Jenkins' Decision Boils Down To Depth, Money

As much as Cullen Jenkins would like to return — and the team would like him back — it almost certainly won't happen. Packer Report looks at the market for the productive 30-year-old and why the team has shown just tepid interest in re-signing him.

Even though the Green Bay Packers did not make it a priority in the draft to add a defensive end, there's little chance that Cullen Jenkins will return to help the team defend its Super Bowl championship.

Most projections concerning free agency, whenever that begins, have assessed this year's crop as a thin one. That's especially true if the league chooses to implement last year's rules, making the starting point for unrestricted free agency six years of experience rather than four, as under the old rules.

Jenkins is only 30 and, even coming off a 2010 season when hand and calf injuries limited him to eight starts and 11 games, appears to be a guy in demand for defenses running either scheme.

He's played well as a 4-3 defensive tackle and 3-4 defensive end. The Bears, who run a 4-3 and severed ties with veteran tackle Tommie Harris, have been linked to Jenkins. They'd obviously love to bolster their defense at the expense of their rival. Jenkins also has been linked in reports with Washington and Dallas, which run 3-4 schemes, and there figure to be other suitors running 3-4 schemes when the NFL opens for business.

Ironically, Jenkins balked when coordinator Dom Capers introduced the 3-4 front to the Packers in 2009. But the scheme is apt to make Jenkins a rich man because he's been a rare playmaker at the position.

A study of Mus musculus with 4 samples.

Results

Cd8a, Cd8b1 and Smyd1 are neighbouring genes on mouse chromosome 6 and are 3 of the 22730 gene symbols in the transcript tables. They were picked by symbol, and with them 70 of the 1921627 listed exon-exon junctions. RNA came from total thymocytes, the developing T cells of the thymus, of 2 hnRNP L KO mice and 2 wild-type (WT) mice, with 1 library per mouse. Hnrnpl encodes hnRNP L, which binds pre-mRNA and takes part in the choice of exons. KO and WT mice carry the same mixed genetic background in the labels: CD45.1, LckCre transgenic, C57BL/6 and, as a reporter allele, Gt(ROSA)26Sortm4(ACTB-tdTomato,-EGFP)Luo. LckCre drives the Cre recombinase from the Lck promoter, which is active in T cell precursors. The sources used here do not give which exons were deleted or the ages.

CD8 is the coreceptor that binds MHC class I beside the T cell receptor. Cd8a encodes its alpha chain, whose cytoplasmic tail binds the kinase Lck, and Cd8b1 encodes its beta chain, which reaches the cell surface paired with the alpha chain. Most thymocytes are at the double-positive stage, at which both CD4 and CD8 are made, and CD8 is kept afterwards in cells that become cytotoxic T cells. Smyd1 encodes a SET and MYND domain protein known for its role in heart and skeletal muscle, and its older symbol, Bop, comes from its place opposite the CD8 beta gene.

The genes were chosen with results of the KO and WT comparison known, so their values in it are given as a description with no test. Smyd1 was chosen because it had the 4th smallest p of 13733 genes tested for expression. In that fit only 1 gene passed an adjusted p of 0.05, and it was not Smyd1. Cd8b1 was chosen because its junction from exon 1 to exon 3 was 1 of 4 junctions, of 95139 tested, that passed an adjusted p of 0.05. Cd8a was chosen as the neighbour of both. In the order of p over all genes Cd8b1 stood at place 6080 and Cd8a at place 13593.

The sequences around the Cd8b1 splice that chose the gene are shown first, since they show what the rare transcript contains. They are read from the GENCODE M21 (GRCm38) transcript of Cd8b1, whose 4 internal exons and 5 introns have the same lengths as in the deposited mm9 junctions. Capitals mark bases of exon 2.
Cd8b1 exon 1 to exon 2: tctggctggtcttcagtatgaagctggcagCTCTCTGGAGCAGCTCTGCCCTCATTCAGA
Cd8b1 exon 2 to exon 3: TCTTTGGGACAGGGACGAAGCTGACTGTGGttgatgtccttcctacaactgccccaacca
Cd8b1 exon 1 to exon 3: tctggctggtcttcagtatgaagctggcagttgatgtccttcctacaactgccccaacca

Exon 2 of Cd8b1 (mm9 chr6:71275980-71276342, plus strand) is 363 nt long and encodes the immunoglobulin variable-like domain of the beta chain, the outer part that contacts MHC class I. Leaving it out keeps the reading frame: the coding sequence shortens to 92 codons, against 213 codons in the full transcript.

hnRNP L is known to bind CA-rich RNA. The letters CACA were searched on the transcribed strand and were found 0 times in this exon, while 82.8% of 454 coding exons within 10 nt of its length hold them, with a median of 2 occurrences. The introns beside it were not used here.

At 305 pounds, Jenkins can anchor versus the run, yet is mobile enough to provide some pass rush. Even while missing five games, he registered seven sacks in 2010 and, among 3-4 ends, only Justin Smith of San Francisco (8.5) had more. The Redskins had 6.5 sacks combined from their ends in 2010; Dallas had just four. Jenkins had four sacks in the first four games of the season.

Jenkins has said all along that he'd like to return to Green Bay. The Packers, however, showed only tepid interest in working out a deal during the season.

"Obviously, that's where I've been my whole career," Jenkins told NFL Network recently. "In a perfect world, you can finish out your career where you start. … It's one of those things you only have so much control over. You have to see how everything plays out and let the system work its course."

In that perfect world, the Packers would like Jenkins back, as well. However, because of high demand, Jenkins figures to have his choice of big-money contracts once free agency opens. The Packers, like many teams, are reluctant to lay out long-term, big-money contracts to players who will be entering the back side of their careers.

Not only did Jenkins miss the five games last season but he missed the final 12 in 2008 with a torn pectoral. Defensive line coach Mike Trgovac, during last year's minicamp, called Jenkins' playing style "reckless." He meant it in a good way but also said that style lends itself to injuries.

Combine that with almost $130 million committed in existing contracts — the second-highest figure in the NFL — and their presumed depth, and it's little wonder why they seem unlikely to make a serious pitch to retain Jenkins. Even with Jenkins healthy down the stretch, midseason addition Howard Green was in the starting lineup and playing on run downs. Look for the same kind of rotation this year, with last year's second-round pick, Mike Neal, filling Jenkins' role. Opposite Howard/Neal, Ryan Pickett is back to start, with C.J. Wilson, Jarius Wynn and seventh-round pick Lawrence Guy battling for playing time.